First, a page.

Default end-to-end encryption is finally coming to Messenger and Facebook

It’s been a long time coming, but E2EE privacy protection is now rolling out across some of Meta’s most popular services.
Three smartphone screens displaying new E2EE feature for Meta
The E2EE rollout will take 'a number of months' due to the amount of people who use Meta's platforms. Meta

Years after plans were first announced, end-to-end encryption (E2EE) is finally the default communications option for Messenger and Facebook. Meta’s security update arrives following years of mounting pressure from digital privacy rights advocates, who argue the feature is necessary to protect users’ communications.

A complete E2EE rollout will take a “number of months” due to the more than one billion users on Messenger. Once chats are upgraded, however, users will receive a notification to create a recovery method, such as a PIN, for restoring conversation archives in the event of losing, changing, or adding a device.

[Related: 7 secure messaging apps you should be using.]

Meta’s messaging services have offered E2EE as an optional setting since 2016. CEO Mark Zuckerberg voiced his desire to transition to default encryption across all Meta’s products as far back as 2019. In an announcement posted to Meta’s blog on December 6, head of Messenger Loredana Crisan wrote, “[E2EE] means that nobody, including Meta, can see what’s sent or said, unless you choose to report a message to us.”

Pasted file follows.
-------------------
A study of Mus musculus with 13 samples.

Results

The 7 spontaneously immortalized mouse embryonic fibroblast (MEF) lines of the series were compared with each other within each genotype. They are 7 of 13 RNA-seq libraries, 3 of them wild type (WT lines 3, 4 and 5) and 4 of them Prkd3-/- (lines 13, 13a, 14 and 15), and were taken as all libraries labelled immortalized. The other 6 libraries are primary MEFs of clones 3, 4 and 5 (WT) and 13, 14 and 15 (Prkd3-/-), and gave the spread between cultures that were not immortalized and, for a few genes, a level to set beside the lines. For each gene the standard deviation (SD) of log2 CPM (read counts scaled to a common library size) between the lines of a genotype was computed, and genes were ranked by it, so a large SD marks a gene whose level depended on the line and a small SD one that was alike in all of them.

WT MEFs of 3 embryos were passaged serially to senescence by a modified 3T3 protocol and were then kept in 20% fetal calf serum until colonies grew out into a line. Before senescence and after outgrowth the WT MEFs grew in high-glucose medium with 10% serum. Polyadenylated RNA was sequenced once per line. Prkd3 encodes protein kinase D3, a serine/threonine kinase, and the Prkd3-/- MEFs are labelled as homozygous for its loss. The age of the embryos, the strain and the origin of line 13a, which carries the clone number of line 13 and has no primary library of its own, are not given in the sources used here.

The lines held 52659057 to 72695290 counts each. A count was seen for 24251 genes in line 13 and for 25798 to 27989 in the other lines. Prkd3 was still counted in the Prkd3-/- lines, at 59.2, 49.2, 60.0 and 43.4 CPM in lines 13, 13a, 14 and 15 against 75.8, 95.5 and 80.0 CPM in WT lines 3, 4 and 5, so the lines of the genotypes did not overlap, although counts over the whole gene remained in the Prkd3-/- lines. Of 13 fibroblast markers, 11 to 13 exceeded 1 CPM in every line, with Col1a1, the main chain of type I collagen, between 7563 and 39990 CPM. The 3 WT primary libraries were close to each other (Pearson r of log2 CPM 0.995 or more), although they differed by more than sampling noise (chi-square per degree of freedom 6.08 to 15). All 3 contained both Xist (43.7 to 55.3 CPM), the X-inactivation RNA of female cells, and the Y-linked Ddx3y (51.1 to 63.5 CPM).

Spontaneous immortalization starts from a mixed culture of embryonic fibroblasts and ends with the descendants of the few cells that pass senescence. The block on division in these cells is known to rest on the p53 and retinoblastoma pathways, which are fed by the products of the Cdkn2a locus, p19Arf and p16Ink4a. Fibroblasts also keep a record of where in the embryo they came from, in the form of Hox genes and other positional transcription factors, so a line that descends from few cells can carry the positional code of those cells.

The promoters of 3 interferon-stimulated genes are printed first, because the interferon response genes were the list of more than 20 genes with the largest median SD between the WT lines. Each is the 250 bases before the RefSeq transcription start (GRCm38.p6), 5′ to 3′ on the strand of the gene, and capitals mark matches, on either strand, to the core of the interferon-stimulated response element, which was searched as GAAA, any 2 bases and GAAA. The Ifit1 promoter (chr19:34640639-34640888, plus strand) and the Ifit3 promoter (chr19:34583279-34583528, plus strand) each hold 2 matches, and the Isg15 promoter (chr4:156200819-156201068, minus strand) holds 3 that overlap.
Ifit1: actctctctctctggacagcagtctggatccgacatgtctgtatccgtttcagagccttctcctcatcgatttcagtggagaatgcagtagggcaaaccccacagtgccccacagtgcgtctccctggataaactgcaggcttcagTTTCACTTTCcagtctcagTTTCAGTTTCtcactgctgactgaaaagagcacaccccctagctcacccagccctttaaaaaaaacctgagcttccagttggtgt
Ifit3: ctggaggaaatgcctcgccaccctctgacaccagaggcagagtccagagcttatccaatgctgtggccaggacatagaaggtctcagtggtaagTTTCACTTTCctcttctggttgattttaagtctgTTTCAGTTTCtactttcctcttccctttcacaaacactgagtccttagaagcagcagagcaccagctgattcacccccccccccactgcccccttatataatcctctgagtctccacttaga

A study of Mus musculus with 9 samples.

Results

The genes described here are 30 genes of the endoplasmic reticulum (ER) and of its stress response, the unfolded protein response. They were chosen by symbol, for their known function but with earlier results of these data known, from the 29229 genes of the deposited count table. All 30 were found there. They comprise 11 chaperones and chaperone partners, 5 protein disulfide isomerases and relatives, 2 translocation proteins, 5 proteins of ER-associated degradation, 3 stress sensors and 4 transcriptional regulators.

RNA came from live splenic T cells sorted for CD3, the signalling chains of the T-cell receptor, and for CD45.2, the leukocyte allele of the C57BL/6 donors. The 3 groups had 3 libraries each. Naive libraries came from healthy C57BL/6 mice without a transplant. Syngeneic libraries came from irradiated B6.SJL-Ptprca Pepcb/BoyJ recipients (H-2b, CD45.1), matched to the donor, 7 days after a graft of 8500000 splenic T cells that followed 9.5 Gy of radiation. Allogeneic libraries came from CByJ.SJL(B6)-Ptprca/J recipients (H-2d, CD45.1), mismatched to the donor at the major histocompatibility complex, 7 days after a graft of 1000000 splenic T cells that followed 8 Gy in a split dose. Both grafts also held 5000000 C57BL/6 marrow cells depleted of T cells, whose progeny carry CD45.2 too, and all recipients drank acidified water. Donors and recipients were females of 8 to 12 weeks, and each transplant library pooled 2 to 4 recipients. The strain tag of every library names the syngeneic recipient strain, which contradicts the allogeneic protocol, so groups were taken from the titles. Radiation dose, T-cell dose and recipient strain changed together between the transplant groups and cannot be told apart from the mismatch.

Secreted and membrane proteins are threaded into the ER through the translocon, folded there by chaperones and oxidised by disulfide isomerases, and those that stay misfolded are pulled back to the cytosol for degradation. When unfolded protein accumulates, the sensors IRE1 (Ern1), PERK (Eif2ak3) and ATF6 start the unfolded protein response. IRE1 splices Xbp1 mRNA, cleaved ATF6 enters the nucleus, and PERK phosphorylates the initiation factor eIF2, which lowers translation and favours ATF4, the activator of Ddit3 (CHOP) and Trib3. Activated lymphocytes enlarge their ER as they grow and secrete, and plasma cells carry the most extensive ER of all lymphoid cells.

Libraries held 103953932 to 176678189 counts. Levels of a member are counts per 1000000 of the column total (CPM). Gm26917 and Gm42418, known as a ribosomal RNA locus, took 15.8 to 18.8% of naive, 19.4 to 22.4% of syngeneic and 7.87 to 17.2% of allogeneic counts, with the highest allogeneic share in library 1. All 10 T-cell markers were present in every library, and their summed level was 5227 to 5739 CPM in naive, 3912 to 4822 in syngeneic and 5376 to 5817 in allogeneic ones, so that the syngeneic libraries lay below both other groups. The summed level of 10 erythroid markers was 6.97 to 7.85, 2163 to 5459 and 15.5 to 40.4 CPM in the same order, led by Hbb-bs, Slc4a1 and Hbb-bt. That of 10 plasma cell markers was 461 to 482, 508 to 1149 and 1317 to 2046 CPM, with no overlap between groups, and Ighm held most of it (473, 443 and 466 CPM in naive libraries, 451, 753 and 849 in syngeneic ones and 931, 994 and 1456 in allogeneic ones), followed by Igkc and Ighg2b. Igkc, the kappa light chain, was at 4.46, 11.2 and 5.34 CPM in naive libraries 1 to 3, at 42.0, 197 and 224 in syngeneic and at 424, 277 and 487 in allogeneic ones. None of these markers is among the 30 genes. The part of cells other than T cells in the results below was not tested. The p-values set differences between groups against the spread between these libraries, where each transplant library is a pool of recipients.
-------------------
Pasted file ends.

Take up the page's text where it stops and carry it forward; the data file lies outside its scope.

E2EE is one of the most popular and secure cryptographic methods to integrate additional privacy within digital communications. Once enabled, only users possessing a unique, auto-generated security key can read your messages. When set up properly, it is virtually impossible for outside parties to access, including law enforcement and the app makers themselves.

[Related: Some of your everyday tech tools lack end-to-end encryption.]

Services like iMessage, Telegram, WhatsApp, and Signal have long offered E2EE as their default setting, but Meta was slow to integrate it within the company’s most widely used features. In the company’s December 6 blog post, Crisan argues the company “has taken years to deliver because we’ve taken our time to get this right.” Critics, meanwhile, chalk up the tech company’s reluctance to financial incentives, as access to users’ messages means access to vast, lucrative data troves that can be utilized for targeted advertising campaigns. People share over 1.3 billion photos and videos per day through Messenger.

“Meta just did something good—protected users from the company itself!” Caitlin Seeley George Campaigns and Managing Director at the digital privacy group, Fight for the Future, wrote in a statement on Wednesday.

In addition to the E2EE update rollout, Meta also announced forthcoming features including a 15-minute “Edit Message” window, the ability to toggle “Read” receipts, a 24-hour timespan for “Disappearing” messages, and other general updates to photo and video quality.